LOWVILLE An 11-county Adirondack legislative group will meet today in Lewis County.
Members of the Inter-County Legislative Committee of the Adirondacks this morning are slated to visit the 195-turbine Maple Ridge Wind Farm, then hold a meeting and luncheon at Tug Hill Vineyards in West Lowville.
The purpose is for area counties to get together and discuss what the states going to throw at us next, said Lewis County Legislature Chairman Michael A. Tabolt, R-Croghan, his countys representative on the committee.
The group, consisting of legislative representatives from the counties with Adirondack Park acreage, rotates its meetings among the member counties.
Each meeting includes an update on doings in Albany from a representative of the New York State Association of Counties, and todays session is to focus on how the state budget is expected to affect counties, Mr. Tabolt said.
No specific resolutions are on the agenda.
However, the group in recent months has come out in opposition to the states new gun-control law, the NY-SAFE Act, and proposed early voting legislation, among other things, Mr. Tabolt said.
Those actions will continue, despite some frustration that such measures particularly those involving relief from state mandates often seem to fall on deaf ears in Albany, he said.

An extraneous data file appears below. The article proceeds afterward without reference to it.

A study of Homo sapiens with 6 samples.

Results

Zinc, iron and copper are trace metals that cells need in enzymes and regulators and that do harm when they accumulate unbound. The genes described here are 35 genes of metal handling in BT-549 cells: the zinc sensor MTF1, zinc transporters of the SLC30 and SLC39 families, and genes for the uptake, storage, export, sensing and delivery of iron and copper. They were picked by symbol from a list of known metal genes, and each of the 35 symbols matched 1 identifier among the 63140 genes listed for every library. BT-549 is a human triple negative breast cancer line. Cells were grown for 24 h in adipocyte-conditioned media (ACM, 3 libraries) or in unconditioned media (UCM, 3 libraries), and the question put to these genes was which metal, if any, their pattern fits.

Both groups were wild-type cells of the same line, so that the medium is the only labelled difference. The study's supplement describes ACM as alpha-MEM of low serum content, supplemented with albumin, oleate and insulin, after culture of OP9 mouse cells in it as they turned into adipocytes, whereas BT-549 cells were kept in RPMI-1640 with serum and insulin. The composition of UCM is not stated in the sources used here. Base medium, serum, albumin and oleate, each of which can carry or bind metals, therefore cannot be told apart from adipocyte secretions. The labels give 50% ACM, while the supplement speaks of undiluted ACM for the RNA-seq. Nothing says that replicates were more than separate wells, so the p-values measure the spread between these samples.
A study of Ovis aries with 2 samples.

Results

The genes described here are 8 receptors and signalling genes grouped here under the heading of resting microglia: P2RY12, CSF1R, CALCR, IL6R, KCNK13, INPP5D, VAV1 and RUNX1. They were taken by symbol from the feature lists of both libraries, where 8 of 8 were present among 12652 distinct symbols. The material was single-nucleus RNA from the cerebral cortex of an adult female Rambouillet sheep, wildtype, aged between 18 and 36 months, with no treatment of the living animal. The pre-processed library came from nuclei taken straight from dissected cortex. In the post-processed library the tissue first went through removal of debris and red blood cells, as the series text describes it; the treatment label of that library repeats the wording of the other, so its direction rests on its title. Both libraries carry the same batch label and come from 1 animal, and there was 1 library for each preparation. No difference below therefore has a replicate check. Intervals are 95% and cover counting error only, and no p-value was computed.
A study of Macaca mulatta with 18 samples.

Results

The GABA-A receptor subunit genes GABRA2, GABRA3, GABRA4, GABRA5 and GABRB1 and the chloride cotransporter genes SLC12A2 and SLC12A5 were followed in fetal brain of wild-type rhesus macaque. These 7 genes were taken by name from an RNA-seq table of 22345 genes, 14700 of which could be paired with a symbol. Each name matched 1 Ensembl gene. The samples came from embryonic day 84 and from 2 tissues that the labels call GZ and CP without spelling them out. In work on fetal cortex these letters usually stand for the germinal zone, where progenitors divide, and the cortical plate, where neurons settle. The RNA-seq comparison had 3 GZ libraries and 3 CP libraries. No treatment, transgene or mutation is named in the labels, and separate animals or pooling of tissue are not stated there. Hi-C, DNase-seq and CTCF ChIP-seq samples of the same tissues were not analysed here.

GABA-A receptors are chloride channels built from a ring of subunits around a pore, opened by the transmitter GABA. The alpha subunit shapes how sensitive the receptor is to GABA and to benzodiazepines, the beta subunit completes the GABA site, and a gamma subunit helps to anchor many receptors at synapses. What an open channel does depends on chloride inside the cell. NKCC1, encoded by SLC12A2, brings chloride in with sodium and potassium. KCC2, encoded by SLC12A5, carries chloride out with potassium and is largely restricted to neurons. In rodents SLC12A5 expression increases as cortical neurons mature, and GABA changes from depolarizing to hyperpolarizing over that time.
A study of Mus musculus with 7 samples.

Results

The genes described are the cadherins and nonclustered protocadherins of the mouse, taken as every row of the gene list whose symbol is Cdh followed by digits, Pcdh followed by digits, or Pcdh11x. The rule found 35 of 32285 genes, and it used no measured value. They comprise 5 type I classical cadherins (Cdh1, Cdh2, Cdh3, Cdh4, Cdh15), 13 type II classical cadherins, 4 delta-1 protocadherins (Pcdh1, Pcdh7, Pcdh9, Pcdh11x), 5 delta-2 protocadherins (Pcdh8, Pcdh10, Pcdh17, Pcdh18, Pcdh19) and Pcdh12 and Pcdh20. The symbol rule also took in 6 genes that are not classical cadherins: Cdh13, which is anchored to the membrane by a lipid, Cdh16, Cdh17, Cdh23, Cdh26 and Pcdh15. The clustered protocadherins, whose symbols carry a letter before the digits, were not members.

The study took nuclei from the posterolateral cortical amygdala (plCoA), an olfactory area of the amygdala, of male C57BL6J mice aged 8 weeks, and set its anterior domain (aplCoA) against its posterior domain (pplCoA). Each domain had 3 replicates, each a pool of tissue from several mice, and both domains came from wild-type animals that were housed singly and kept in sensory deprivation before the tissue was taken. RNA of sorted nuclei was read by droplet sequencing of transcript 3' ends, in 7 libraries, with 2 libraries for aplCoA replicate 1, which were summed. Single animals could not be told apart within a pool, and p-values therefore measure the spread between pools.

Its kind of a one-way street, Mr. Tabolt said. But were not just going to stand here without voicing our opinion, he said.
One year ago, the Inter-County committee during its Lewis County visit toured the QubicaAMF plant on Utica Boulevard, at which most of the worlds wooden bowling pins are manufactured. Then, members passed a resolution in support of proposed state legislation that would increase the weight limit of an ATV from 1,000 pounds to 1,500 pounds, allowing so-called side-by-side utility vehicles, or UTVs, to be registered.
Area ATV enthusiasts brought two four-wheelers and two UTVs so regional committee members could compare regular ATVs with UTVs and see the difference between a Polaris Razor a UTV model that may be registered because it weighs less than 1,000 pounds and a heavier side-by-side that may not be registered under current law.
The proposed UTV legislation this year has once again passed the Senate. However, over the past few years, it has failed to gain traction in the Assembly.